Julie Bindel Julie Bindel

Tom Ford and the gross misogyny of high fashion

(Photo: Getty)

Tom Ford, the stratospherically successful fashion designer has recently released lipstick shades called ‘Age of Consent’ and ‘First Time’. He also produced a perfume called ‘Lost Cherry’. There has been a bit of an uproar by some feminists who think it appalling to make references to sex with underage girls as a marketing ploy.

Known for coming up with the idea of logos shaved into pubic hair and regularly using nude models, Ford, a gay man, is branded fashion’s King of Sex. He denies sexism, claiming to be an ‘equal opportunity objectifier’ because he also features nude male models, insisting there is ‘nothing wrong with using people’s bodies as a selling tool.’

Fine, except flashing the odd naked man on the catwalk is often seen as a laugh and a bit of a change from the usual. It does not contribute to the climate of misogyny women have to operate within.

All too many male fashion designers project hatred of women’s bodies into their designs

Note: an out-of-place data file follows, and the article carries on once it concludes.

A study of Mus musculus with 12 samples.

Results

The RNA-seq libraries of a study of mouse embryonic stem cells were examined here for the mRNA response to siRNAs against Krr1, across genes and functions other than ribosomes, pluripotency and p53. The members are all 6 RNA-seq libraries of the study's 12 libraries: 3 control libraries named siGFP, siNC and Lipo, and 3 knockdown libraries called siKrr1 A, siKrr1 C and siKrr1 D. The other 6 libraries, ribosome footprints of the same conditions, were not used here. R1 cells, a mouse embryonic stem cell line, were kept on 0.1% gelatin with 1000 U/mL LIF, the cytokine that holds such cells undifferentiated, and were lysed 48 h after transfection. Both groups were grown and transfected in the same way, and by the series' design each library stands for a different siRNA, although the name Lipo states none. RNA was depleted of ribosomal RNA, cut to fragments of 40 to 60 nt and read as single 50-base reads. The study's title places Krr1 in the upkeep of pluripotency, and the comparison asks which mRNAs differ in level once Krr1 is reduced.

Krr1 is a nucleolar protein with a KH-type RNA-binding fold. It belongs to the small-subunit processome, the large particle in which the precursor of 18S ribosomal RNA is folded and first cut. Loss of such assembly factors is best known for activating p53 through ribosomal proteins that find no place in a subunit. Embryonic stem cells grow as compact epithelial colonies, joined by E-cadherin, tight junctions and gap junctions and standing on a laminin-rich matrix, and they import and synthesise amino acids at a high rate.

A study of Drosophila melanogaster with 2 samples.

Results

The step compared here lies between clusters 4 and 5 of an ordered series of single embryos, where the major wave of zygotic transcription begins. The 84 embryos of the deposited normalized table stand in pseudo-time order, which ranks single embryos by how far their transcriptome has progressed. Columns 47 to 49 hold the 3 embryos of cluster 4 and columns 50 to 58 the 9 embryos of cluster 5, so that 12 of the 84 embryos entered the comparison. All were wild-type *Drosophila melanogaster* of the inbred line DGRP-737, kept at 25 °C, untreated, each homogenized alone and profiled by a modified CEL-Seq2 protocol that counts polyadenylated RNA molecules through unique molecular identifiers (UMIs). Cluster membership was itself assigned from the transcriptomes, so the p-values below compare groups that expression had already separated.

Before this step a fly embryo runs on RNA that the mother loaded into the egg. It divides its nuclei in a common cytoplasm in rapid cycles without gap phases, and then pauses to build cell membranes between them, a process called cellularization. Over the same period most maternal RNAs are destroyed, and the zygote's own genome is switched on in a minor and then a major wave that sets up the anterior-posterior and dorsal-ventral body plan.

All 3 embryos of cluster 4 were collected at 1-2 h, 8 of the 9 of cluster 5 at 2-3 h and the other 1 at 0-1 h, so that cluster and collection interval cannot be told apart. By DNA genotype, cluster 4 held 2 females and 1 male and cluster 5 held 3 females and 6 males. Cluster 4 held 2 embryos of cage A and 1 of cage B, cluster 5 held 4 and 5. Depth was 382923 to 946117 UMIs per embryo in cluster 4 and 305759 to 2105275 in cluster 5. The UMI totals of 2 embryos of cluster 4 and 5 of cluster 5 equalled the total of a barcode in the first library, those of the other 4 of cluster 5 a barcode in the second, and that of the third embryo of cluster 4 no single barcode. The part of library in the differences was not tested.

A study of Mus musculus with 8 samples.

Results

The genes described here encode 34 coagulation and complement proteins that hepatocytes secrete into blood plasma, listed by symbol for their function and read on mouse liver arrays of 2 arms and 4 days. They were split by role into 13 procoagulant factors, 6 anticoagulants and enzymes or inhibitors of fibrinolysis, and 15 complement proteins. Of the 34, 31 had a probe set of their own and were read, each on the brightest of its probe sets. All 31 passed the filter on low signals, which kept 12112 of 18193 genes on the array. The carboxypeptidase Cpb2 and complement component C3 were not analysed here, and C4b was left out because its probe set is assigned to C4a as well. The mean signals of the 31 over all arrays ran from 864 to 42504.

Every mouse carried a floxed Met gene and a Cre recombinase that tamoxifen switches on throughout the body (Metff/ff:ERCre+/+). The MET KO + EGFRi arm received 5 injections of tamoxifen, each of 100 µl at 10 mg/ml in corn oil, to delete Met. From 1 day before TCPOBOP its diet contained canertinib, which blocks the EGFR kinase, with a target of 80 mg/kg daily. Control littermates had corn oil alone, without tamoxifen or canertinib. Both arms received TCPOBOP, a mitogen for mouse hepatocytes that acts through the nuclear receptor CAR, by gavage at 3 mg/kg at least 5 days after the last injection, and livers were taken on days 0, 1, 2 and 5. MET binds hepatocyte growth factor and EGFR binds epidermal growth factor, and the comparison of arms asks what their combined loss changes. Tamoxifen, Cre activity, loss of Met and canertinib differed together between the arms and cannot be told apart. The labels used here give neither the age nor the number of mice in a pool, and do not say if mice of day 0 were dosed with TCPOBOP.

It is often assumed that gay men can’t be misogynistic and that they somehow relinquish male power and privilege over women because of their sexuality, but the reality is that these men still have a significant advantage over women. Acts of hostility and sexism can be misinterpreted as ‘appreciation’ for women’s bodies, when those bodies are treated as accessories or something to be objectified bitchily with just as much venom as a straight man. Gay male fashion designers, such as the late Alexander McQueen and Gianni Versace, either make women look like teenage boys or parodies of women. Many will design clothing and accessories that, when worn, cause pain, discomfort and, in some cases, disfigurement. Many will design clothes that will not even fit the vast majority of adult women. And images that parody sexual violence are ever present in the catwalk shows of many a gay male designer.